Want to compress some files on your Chromebook, or maybe open a compressed file you recently downloaded? Not every Chromebook user realizes this, but support for zipping and unzipping both .ZIP and .RAR files is built into ChromeOS, meaning your Chromebook can already do it — assuming you know how. There’s also a free application designed to add support for even more filetypes, whether you need to handle .7Z files or tarballs. Let’s dive right in, and show you how to manage archived files on your Chromebook.
How to zip a file in ChromeOS
To get stared, open the file manager on your Chromebook and head to the files you’d like to put inside a zip archive. Select all the files you’d like to include by holding down the Shift key and clicking them one at a time. Once you’ve selected your files, right-click your selection to bring up the context menu. Then, select “Zip selection” from the resulting drop-down menu.
Your Chromebook will now create a .ZIP file containing all of your selected files, which you can then upload to a file-sharing service or attach to an email.
How to unzip files in ChromeOS
Extracting files from a .ZIP archive works a little differently in ChromeOS than other operating systems, and can take some getting used to. Basically, .ZIP files are mounted, like an external drive. Confused? Here’s what that looks like.
Open your Chromebook’s file manager, then browse to the location of your .ZIP file.
Once found, double-click the file to open it. If you pay attention, you’ll see that the .ZIP file has been mounted, and is located in the sidebar of the file manager alongside your Downloads folder, Google Drive account, and any other services you’ve mounted.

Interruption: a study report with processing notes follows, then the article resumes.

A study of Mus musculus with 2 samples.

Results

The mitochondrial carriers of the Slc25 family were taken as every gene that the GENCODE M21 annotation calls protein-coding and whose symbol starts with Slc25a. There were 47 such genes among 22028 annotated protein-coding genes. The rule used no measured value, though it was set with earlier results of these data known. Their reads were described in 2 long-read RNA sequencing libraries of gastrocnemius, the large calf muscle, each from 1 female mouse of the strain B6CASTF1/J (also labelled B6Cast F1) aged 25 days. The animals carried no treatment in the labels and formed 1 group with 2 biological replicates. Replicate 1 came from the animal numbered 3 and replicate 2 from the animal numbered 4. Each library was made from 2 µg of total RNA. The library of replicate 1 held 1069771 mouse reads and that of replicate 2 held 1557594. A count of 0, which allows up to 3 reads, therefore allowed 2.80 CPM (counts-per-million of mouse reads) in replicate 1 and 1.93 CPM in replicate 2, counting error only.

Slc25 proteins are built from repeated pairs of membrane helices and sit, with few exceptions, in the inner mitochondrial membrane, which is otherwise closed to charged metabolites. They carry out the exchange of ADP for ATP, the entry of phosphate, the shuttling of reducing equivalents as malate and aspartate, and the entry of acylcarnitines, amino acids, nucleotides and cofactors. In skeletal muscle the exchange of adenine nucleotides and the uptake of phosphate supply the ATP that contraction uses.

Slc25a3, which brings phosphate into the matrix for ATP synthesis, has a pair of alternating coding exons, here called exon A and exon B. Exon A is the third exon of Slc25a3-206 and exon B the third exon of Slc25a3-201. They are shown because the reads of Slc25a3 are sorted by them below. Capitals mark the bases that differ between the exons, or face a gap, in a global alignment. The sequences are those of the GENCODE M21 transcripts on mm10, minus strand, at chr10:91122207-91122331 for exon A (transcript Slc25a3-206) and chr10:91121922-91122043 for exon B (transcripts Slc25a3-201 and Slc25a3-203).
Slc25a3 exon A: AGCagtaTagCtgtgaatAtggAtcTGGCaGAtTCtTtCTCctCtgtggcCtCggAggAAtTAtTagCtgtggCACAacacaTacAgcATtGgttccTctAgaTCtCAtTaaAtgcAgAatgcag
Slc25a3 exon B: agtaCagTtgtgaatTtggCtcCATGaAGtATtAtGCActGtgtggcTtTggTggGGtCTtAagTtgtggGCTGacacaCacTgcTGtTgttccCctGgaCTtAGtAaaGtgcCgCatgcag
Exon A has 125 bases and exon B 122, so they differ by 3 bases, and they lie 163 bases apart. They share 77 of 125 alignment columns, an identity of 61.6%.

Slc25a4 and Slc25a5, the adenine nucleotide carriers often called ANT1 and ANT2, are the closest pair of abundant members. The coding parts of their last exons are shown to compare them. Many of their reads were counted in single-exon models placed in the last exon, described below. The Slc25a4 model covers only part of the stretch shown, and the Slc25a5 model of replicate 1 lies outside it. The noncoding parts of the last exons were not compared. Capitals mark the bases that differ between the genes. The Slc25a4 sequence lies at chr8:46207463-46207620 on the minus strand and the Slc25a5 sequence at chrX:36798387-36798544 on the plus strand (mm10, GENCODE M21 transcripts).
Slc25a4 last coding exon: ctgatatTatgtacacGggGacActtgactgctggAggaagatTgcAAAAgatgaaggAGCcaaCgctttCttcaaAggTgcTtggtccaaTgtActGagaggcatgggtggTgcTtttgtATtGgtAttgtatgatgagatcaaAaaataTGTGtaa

If all you need to do is look at a few files, this is probably enough. But if you want to extract files from your archive, open a new file manager window, browse to or create a folder for the files, then drag everything from one window to the other.
How to open 7Zip, tarballs, and other archive types in ChromeOS
The above method works for .ZIP and .RAR files, but if you need to unarchive files in some other format, you’re not stuck. A free Chrome application called Wicked Good Unarchiver supports other filetypes, including 7zip and tarballs.
Below is a complete list of the application’s supported archives. Thankfully, Wicked Good Unarchiver works in exactly the same way as the method outlined above. Just double-click a file to open it, and the entire archive will be mounted as though it were a disk drive. From here, you can open files or drag them to another folder.
Don’t like mounting? Try Zip Extractor instead
Not convinced by the default method for unzipping files? Wish files would just be unzipped and placed in their own folder, instead of being mounted like a hard drive? Zip Extractor is a Chrome application that can extract the contents of .ZIP files and store them within your Chromebook, or directly to your Google Drive.
Just install the application, and when you do, you’ll be asked whether you’d like to use it next time you try to open a .ZIP file. The application will unzip files using a web app — meaning it won’t work offline — but it will also extract files in one step instead of several. How convenient is that?